A House bill changing the way gravel, sand and rock aggregate operations are governed was amended in the Senate of the Utah Legislature before a committee gave its approval.
The Senate Business and Labor Committee voted 5-2 on Monday to send House Bill 288, Critical Infrastructure Materials, to the full Senate with a favorable recommendation.
“Gravel, sand and rock products are essential to our economy and essential to the future of Utah,” Rep. Logan Wilde, R-Croydon, sponsor of HB 288, told the Senate committee. “When you move aggregate over 23 miles in span it doubles the cost. Those kind of figures make it very cost prohibitive to move sand and gravel much over 50 miles.”
HB 288 defines vested critical infrastructure materials as sand, gravel or rock aggregate operations that are currently in operation in accordance with a legal nonconforming use or a permit issued by a local government prior to that government adopting prohibitions, restrictions, or other limits on the operation.
The vested rights of a critical infrastructure materials operator, according to HB 288, include the right to use, operate, construct, reconstruct, restore, maintain, repair, alter, substitute, modernize, upgrade, and replace equipment, processes, facilities, and buildings; and the right to discontinue, suspend, terminate, deactivate, or continue and reactivate, temporarily or permanently, all or any part of the operations.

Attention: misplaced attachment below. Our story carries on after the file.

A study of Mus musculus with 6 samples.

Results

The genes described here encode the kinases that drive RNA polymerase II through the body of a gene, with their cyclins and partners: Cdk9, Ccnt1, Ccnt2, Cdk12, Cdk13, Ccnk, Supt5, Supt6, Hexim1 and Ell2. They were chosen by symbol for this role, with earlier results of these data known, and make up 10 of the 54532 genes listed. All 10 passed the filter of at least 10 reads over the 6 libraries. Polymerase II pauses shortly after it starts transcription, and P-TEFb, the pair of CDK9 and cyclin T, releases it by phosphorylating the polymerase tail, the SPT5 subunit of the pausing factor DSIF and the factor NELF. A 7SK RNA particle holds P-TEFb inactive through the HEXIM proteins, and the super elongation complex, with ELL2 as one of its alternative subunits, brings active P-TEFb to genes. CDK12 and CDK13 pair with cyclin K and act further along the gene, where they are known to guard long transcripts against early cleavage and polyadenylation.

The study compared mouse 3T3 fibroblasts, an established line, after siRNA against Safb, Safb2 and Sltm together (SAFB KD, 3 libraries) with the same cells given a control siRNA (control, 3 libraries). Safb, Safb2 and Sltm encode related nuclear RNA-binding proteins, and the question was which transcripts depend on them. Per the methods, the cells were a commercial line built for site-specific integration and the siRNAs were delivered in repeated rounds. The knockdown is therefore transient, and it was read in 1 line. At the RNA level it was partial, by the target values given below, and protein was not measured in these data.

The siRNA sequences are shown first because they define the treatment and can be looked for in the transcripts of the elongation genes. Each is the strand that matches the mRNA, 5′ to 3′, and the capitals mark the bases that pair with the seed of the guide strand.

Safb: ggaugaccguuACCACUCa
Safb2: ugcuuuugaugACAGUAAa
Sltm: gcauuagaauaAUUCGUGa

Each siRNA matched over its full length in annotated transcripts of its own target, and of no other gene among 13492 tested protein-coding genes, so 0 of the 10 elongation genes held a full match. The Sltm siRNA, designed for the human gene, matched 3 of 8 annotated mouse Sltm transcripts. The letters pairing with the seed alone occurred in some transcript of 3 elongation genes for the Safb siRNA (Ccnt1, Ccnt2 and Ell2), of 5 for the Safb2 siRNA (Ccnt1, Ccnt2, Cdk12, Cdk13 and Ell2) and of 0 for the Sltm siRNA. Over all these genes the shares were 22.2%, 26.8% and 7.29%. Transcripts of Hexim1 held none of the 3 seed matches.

The bill also allows for the creation of critical infrastructure protection areas by local legislative bodies, which are similar to existing protection areas for agriculture, mining and industry to protect critical infrastructure operations from residential encroachment.
Before recommending HB 288 to the full Senate, the committee approved amendments to the bill that require expansion of critical infrastructure operations to go through normal approval process by local government and specifies that the bill applies to existing legal nonconforming and permitted operations.
One amendment also specifies that the creation of a critical infrastructure protection area is a legislative act, making the creation of protection areas subject to a referendum.
During the public hearing before the Senate committee, representatives of the Utah League of Cities and Towns, the Association of General Contractors, and the Utah Home Builders Association spoke in favor of the bill.
Citing environmental and health concerns, representatives of the West Mountain Matters group, Utah Moms for Clean Air, the Utah Technology Council, and Utah Physicians for a Healthy Environment spoke in opposition to the bill.
HB 288 is on the calendar for the full Senate. If the Senate approves the bill, it will be sent back to the House for consideration of the Senate amendments.